Political leadership was important in combating HIV and Aids, but it was not sufficient. To take control of the disease in Africa, society’s leaders, communities and religious organisations needed to be involved.
This was the consensus reached by former African leaders and activists, who met during a session for Champions for an AIDS-free Generation on Tuesday at the second day of the international AIDS conference in Durban.
The Champions programme was launched in 2008 by Botswana’s former president, Festus Mogae. It aims to ensure children are born HIV-free in Africa and that all Africans have equal access to HIV prevention and treatment.
The organisation is led by former heads of African states and prominent members of civil society.
Tuesday’s panel included former South African president Kgalema Motlanthe, former Malawian president Joyce Banda, former Nigerian president Hifikepunye Pohamba and Kenyan AIDS activist, professor Miriam Were.
“Collaboration is key in fighting HIV and Aids,” said South Africa’s minister of science and technology, Naledi Pandor, who was representing deputy president Cyril Ramaphosa.
Pandor said the landscape in South Africa today was vastly different to that of years ago, when people who spoke out about their HIV status were discriminated against by their communities, and in some cases even their families.
The continent would make significant strides against HIV if strong political leadership were in place, she said.
“Political leadership helps to guide society and to shape laws and how people react to those laws, but political leadership on its own is not sufficient.”
Strong health sectors that partnered with the private sector were also necessary, but it was equally important to ensure that healthcare and provision did not become a “tradable commodity”.
“What is needed is the creation of a robust human rights culture that is centred on the Constitution. This culture must protect men and women, the poor and the marginalised. Everyone must have equal access to health care.”
Pandor said governments were not simply to be tasked with creating structures within which to manage the epidemic, but had to allow the expansion of health care services. “Health care must be strong, it must be well funded,” she said.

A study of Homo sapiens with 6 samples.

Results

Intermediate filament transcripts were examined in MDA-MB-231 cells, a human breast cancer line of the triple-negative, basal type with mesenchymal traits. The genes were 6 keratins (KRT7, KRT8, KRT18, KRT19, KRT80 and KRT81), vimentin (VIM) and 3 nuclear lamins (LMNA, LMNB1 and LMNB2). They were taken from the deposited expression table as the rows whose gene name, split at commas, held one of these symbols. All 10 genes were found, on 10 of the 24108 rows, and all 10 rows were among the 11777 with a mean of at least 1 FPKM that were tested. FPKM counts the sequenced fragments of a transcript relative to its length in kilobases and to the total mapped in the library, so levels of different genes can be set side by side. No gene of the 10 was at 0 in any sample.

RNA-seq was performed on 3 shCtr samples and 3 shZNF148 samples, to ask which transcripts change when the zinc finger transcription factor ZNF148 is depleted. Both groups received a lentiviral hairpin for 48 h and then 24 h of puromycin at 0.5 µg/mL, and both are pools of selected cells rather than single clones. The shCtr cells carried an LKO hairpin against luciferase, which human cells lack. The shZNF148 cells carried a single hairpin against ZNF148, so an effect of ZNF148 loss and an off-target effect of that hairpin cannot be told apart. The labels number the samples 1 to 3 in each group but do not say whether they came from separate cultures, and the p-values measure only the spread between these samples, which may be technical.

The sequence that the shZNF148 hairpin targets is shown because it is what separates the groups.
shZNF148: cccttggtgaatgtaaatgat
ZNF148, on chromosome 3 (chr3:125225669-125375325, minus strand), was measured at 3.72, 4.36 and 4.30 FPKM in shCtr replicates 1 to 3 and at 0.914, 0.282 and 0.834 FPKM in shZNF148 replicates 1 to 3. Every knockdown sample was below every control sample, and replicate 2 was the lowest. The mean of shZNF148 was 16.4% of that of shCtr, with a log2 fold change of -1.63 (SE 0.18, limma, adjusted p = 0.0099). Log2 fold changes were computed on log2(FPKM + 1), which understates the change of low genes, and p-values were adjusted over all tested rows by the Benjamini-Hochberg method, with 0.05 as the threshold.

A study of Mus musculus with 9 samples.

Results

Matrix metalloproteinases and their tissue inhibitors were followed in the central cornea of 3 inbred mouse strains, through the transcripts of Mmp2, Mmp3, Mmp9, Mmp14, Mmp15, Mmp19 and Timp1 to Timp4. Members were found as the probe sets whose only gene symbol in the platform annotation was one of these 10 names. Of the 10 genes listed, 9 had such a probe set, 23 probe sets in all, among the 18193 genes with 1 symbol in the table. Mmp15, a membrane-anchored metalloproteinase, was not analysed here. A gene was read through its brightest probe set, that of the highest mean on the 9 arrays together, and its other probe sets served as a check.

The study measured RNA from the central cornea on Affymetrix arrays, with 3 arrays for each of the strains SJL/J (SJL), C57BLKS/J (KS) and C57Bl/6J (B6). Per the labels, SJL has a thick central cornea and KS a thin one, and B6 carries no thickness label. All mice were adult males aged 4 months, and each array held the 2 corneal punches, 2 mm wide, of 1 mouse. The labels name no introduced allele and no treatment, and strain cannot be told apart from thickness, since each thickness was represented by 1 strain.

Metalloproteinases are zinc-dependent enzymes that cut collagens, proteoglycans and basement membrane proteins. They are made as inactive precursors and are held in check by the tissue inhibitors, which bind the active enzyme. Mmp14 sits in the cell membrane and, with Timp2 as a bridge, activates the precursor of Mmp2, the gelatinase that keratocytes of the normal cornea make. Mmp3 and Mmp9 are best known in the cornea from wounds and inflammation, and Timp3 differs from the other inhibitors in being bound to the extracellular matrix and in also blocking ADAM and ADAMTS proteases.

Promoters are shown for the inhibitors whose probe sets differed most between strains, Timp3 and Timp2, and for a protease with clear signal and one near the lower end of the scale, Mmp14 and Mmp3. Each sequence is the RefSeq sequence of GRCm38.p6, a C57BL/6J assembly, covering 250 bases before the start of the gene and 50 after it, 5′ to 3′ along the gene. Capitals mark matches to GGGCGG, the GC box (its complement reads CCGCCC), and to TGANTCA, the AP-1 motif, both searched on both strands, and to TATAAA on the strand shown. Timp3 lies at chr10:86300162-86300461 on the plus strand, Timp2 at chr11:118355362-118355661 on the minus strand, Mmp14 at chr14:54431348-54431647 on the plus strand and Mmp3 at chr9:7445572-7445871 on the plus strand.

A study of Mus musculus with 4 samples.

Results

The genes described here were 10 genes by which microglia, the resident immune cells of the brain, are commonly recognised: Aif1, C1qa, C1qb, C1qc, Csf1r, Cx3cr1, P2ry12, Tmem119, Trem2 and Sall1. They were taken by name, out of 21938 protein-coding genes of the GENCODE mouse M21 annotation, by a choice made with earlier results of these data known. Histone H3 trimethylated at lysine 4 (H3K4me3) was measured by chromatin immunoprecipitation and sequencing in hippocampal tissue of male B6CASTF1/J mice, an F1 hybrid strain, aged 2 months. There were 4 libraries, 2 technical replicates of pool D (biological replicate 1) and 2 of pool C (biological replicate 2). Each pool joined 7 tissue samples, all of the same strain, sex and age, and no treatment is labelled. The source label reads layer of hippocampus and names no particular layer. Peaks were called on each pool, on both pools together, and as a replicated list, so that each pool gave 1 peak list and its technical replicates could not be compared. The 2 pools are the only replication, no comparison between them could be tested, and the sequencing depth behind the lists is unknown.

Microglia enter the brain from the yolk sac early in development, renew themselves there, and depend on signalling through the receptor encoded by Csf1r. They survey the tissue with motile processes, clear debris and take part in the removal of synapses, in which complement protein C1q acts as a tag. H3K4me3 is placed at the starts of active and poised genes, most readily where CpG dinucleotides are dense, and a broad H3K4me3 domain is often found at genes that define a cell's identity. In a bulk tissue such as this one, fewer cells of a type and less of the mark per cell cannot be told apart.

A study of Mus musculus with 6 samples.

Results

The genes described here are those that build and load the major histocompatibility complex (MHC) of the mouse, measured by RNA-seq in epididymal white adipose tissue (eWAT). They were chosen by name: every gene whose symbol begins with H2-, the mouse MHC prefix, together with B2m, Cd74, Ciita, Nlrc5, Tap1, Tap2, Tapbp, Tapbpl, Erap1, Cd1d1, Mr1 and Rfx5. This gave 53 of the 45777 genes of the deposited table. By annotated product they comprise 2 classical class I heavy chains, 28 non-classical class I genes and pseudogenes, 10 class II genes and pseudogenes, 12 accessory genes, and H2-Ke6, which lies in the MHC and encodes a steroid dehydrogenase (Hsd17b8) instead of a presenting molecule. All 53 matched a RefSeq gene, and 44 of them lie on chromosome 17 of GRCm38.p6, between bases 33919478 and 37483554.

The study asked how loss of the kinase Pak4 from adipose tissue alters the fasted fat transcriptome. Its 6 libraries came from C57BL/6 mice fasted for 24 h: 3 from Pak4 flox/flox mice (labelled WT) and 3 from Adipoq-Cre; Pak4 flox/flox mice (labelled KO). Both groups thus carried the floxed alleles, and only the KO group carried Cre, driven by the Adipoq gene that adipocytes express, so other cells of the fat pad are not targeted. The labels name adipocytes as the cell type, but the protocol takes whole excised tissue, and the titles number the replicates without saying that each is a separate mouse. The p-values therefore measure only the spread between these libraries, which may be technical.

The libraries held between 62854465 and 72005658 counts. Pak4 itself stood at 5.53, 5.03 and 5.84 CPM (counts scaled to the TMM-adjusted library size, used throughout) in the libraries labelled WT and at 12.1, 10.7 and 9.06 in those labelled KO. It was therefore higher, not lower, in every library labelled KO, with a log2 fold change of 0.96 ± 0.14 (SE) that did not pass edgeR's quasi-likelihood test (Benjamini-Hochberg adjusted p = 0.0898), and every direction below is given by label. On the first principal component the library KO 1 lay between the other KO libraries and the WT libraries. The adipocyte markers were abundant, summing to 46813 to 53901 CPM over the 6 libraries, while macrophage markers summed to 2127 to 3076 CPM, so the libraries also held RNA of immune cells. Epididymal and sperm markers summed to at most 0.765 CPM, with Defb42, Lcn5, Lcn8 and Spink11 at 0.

South Africa’s national sex worker HIV plan, which was launched in March, was a good example of how government working within society could safeguard the dignity of civilians while ensuring human rights were respected by fighting stigma and abuse.
Kenyan activist and academic, Were, said that in her experience, the ear of a country’s president or prime minister was needed to ensure activation and longevity of HIV programmes.
Were is regarded as a champion of improving mother and child health services in east Africa and focusing on community based health care to fight HIV and Aids.
“Leaders in the HIV fight need to get the support of the head of state. Not just his or her ministers. Once the head of state is interested, their power is able to move mountains. It is the head of state who can help in allocation of resources for anti-retroviral treatment.”
“With the backing of the president or prime minister, we are able to move money to the health sector, no matter how small the budget is. We must find the resources in our own budgets, we can’t expect other people to do it for us,” she said.
Were said the “silver lining” in the fight against HIV was community involvement, which led to community action; a common theme expressed by delegates at this year’s conference.
“Communities must be involved in decision making and strategising. We are dealing with individuals, people, who are able to influence their families, friends and communities. We cannot change this epidemic in Africa without getting households involved.”